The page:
February 24, 2017

From Kruty to the Maidan


On January 29, 1918, in a battle near the train station at Kruty, some 80 miles northeast of Kyiv, a small contingent of Ukrainian forces – composed mainly of a student battalion of the Sich Riflemen and a company from the Khmelnytsky Cadet School – faced a superior Russian Bolshevik force of 4,000 men. The Ukrainian contingent succeeded in blocking the Bolshevik advance on Kyiv for several days. The young Ukrainians’ resistance also enabled the Ukrainian National Republic to conclude the Treaty of Brest-Litovsk, a major accomplishment as a result of which the UNR was recognized by the Central Powers despite the Bolsheviks’ attempts to represent Ukraine.

But the losses at Kruty were great. After several days of intense fighting, the Ukrainian contingent was forced to retreat, and 300 young men died defending their country. They were surrounded and slaughtered, noted the late Dr. Orest Subtelny in his book “Ukraine: A History,” and their deaths “earned for them a place of honor in the Ukrainian national pantheon.” As the Encyclopedia of Ukraine underscores, the battle of Kruty “is commemorated as a symbol of patriotic self-sacrifice and is immortalized in numerous literary and publicistic works.”

Most of us Ukrainians grew up knowing the history of the Battle of Kruty. It was, we were told, the Ukrainian version of the ancient Battle of Thermopylae, which is cited as an example of the power of a patriotic force defending its native land. And we continue to pay tribute to those heroes long gone.

Now, new generations learn about the sacrifices made on the Maidan on February 18-20, 2014. Yet again, a small group of patriots faced a superior force – but this time it was a force sent by their own president, the traitorous Viktor Yanukovych. After three days of street battles, over 100 Maidan activists – who were seeking a more open government and protesting Mr. Yanukovych’s rejection of close ties to Europe – lay dead. On February 20, the deadliest day of the conflict, the White House issued a statement, which said in part: “We are outraged by the images of Ukrainian security forces firing automatic weapons on their own people. We urge President Yanukovych to immediately withdraw his security forces from downtown Kyiv and to respect the right of peaceful protest…” The next day, Mr. Yanukovych and his entourage fled Ukraine for Russia.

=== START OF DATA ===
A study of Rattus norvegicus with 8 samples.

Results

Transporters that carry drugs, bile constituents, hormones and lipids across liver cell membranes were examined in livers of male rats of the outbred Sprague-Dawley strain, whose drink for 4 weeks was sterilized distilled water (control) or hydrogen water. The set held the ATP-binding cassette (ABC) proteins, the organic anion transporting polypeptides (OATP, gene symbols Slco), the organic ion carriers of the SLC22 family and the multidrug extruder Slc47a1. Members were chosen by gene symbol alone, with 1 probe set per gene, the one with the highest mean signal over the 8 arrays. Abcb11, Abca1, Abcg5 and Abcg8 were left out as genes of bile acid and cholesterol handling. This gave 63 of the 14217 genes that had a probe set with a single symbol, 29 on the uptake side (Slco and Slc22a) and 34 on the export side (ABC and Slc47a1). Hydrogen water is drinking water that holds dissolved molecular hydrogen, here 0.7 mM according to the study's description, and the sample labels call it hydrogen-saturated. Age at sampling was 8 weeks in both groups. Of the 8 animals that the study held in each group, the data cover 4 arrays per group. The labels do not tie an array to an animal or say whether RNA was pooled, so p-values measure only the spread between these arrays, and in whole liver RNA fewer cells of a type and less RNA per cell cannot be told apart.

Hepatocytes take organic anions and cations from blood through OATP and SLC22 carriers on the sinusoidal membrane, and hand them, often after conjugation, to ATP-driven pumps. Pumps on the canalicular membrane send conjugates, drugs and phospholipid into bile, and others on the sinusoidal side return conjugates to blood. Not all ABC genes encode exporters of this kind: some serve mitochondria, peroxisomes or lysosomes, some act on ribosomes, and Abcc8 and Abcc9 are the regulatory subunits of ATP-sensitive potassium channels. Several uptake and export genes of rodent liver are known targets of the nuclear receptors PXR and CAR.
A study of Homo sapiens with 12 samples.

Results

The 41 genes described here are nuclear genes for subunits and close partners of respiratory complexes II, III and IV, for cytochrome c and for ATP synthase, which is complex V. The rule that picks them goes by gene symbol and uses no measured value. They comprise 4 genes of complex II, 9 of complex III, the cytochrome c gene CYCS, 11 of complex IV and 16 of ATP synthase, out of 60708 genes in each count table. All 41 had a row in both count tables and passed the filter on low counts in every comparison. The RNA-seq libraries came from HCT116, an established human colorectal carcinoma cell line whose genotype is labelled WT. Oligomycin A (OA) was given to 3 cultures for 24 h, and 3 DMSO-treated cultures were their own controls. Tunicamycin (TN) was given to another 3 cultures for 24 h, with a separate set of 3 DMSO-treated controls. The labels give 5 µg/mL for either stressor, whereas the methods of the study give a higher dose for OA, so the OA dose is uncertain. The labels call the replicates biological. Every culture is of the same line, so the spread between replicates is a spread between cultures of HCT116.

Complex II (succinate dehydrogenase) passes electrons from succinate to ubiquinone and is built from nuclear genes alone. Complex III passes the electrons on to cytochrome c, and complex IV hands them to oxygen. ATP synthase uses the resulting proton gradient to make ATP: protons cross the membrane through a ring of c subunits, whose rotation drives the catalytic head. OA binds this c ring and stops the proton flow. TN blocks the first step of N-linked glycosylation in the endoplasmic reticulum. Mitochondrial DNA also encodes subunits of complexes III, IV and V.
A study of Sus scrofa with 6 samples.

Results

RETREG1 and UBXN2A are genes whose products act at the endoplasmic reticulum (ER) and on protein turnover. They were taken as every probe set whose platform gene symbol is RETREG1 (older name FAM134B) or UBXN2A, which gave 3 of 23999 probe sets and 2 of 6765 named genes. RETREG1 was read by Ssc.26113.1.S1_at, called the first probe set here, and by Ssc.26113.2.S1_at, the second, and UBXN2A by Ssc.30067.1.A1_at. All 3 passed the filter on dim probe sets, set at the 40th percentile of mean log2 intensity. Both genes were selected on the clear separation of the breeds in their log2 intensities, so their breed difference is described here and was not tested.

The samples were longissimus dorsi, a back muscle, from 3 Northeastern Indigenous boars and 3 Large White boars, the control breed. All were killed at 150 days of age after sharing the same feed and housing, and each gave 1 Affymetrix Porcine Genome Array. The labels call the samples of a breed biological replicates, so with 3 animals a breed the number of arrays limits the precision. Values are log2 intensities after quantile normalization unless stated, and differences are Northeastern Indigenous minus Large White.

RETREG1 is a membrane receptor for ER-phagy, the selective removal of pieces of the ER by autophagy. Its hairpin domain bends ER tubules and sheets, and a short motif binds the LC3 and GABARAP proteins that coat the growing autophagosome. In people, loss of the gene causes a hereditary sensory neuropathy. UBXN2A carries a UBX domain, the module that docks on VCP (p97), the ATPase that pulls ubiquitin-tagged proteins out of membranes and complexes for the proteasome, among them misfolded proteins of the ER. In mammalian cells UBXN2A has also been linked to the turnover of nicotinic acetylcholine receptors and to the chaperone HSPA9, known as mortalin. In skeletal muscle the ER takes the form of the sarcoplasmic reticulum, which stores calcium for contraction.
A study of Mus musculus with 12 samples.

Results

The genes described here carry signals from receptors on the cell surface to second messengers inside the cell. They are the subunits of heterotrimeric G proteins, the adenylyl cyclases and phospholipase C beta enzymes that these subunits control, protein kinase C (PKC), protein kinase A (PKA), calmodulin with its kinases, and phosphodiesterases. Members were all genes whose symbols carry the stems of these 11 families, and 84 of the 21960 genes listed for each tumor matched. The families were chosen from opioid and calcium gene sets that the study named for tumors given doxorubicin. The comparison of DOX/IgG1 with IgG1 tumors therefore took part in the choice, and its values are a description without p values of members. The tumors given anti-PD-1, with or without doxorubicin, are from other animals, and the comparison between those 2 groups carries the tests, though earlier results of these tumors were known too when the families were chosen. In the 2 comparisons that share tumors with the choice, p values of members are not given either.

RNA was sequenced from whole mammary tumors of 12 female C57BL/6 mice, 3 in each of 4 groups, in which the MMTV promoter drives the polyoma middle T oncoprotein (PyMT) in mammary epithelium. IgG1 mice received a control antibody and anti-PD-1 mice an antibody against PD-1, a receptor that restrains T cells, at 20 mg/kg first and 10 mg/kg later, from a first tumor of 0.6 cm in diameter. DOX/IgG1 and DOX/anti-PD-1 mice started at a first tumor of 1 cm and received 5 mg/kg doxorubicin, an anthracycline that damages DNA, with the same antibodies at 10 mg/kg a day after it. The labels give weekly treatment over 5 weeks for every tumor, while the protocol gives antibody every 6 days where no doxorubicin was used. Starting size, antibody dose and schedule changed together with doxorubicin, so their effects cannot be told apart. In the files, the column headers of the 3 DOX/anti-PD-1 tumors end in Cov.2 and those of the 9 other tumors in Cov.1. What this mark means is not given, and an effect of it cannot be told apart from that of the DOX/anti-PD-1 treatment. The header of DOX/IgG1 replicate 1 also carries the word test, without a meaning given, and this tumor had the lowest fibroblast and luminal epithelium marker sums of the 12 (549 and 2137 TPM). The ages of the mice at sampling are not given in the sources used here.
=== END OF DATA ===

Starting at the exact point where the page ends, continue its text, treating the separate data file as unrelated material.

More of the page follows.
Once again Ukrainians had died for freedom, the independence of their country and democratic principles. And they died for Ukraine’s orientation toward Europe, for democratic principles.

Our readers will recall, of course, that it all began three months earlier with the Euro-Maidan, peaceful mass demonstrations that emerged when President Yanukovych decided in late November 2013 not to sign the Association Agreement with the European Union. Then, when police brutally beat protesters on November 30, the number of participants swelled to 1 million. The protests continued when Mr. Yanukovych signed a series of agreements with Russia, and they continued into the new year, despite attempts by the authorities to clear out the city center in Kyiv.

A new political movement called the “Maidan” was born. It was no longer simply about Ukraine’s European orientation and a government that had betrayed its people. It was now about human rights and human dignity, the ability of the people to determine their own future. The movement ultimately became known as the Revolution of Dignity.

Since then, countless people have paid their respects at memorials to the Heavenly Brigade. As our colleague Petro Matiaszek, a Ukrainian American who lives in Kyiv, wrote last year: “I am still drawn to the photos and makeshift memorials to those who gave their lives so that Ukraine would be free, those of Ukraine’s Greatest Generation. Private, painful memories that make up our common Maidan destiny…” And this year, on the day commemorating the heroes of the Nebesna Sotnia, we read the words of another Ukrainian American, Lida Buniak, who was in Kyiv with her husband Dr. Borys Buniak: “…We pray for those who sacrificed themselves for our country, for our culture, for our nation and for all Ukrainians. The Revolution of Dignity continues in all our hearts.”

We bow our heads in prayer, and we proclaim: Герої не вмирають – Heroes do not die.